Mass Shootings and the News Media: Catching Up to the Science of PACEs

From ACEs Too High: “How do we, as a country, learn about mass shootings and gun violence? The news media. How do we learn about the best approaches to prevent mass shootings and gun violence? The answer should be ‘the news media,’ but it’s not. Yet.

People who know about the science of positive and adverse childhood experiences (PACEs) understand that PACEs are at the root of violence. The news media is getting there. In the last couple of years of mass shootings, more articles examined the childhood of the shooter, but more could be done, as I pointed out in essays I wrote after the Buffalo, New York, and Uvalde, Texas, shootings.

. . . My take on examining shooter’s families: I think it’s great to report what happened in a shooter’s family…as long as a reporter takes a trauma-informed approach. That means reporting without using words of blame, shame or punishment…so a headline that says ‘Are the parents to blame?’ would change to ‘What happened in that family?’

Parents pass on ACEs [adverse childhood experiences]—and positive childhood experiences (PCEs), for that matter—to their children. So, if they aren’t cognizant of their own ACEs, how can they possibly understand their child’s ACEs? And where did parents get their ACEs and PCEs? From their parents and environment. How to break the cycle? Educate families, organizations and communities about PACEs science, and integrate practices and policies based on PACEs science in all organizations in every community.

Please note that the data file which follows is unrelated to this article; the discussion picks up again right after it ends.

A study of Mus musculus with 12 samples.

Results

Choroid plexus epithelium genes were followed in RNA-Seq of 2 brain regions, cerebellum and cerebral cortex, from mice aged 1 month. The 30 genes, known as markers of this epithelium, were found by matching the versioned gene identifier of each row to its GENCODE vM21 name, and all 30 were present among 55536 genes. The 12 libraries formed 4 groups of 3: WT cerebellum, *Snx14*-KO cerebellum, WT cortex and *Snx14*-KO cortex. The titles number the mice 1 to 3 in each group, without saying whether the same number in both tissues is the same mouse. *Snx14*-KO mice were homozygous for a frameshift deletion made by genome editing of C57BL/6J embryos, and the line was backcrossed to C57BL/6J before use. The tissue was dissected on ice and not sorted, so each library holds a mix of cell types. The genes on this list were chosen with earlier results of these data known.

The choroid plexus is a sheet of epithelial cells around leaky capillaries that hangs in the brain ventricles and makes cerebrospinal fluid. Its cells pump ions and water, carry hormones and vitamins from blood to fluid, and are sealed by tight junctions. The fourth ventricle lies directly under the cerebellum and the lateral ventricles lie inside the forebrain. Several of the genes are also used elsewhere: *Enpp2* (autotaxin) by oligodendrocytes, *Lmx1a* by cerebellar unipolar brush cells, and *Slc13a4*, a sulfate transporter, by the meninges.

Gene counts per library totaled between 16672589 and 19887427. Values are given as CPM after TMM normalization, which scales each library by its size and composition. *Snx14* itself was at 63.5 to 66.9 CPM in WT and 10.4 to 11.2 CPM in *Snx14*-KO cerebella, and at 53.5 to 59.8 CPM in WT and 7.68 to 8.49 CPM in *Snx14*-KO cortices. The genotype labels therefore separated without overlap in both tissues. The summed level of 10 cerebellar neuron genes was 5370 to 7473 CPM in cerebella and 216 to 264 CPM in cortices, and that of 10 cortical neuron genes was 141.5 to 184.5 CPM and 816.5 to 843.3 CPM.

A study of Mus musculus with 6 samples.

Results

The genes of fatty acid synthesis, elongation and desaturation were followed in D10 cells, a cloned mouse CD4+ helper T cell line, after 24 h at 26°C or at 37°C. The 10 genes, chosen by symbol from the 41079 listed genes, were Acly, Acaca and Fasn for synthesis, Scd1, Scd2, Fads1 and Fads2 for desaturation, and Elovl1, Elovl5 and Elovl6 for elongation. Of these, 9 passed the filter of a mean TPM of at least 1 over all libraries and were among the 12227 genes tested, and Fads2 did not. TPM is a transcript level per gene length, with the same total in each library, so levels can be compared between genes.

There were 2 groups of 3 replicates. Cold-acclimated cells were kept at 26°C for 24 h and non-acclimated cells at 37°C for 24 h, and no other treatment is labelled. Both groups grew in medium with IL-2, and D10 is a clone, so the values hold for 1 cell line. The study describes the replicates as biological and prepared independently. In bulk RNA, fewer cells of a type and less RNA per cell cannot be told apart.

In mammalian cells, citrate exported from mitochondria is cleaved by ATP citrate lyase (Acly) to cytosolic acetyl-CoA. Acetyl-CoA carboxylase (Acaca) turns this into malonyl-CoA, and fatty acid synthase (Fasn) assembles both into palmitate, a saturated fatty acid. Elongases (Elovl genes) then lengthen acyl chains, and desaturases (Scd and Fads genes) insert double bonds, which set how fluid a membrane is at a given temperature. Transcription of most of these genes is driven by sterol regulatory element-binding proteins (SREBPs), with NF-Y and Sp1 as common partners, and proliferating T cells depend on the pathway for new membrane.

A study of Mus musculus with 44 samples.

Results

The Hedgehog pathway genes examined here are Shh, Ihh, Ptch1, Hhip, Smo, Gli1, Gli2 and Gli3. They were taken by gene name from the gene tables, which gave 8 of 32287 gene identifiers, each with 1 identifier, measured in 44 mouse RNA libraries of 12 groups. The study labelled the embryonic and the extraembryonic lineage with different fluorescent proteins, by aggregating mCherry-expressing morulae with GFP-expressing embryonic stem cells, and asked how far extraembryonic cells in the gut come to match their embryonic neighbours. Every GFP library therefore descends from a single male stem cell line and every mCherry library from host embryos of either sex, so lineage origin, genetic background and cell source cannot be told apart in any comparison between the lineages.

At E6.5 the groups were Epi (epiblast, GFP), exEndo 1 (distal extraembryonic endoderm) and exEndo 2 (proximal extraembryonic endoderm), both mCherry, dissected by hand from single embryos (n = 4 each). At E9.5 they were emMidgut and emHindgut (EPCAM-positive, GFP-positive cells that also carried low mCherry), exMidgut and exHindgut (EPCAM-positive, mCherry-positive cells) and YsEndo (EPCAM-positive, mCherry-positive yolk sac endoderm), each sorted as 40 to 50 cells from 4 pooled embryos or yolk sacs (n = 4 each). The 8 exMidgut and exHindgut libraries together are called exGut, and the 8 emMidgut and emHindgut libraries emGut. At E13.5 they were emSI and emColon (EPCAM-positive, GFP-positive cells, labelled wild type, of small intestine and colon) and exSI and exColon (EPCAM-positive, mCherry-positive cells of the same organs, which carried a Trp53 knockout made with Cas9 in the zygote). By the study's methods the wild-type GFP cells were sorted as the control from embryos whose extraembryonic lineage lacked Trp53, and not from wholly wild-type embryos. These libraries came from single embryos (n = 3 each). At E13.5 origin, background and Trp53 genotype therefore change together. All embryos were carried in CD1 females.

. . . Over [the] last 25 years, the main development that has changed our understanding of violence—and one that is actually leading to remarkable solutions—is the CDC-Kaiser Permanente Adverse Childhood Experiences Study, which was published in 1998 and opened the door to our understanding of why humans do what they do. Since then, we’ve learned that the roots of violence and being a victim of violence are the same roots that lead to chronic disease, mental illness, and economic problems; they lie in the science of positive and adverse childhood experiences. This knowledge has provided a new mindset on how to change human behavior—criminal, unhealthy or unwanted behavior. This mindset changes a traditional approach of using practices and policies based on blame, shame and punishment to an approach that uses practices and policies grounded in understanding, nurturing and healing.”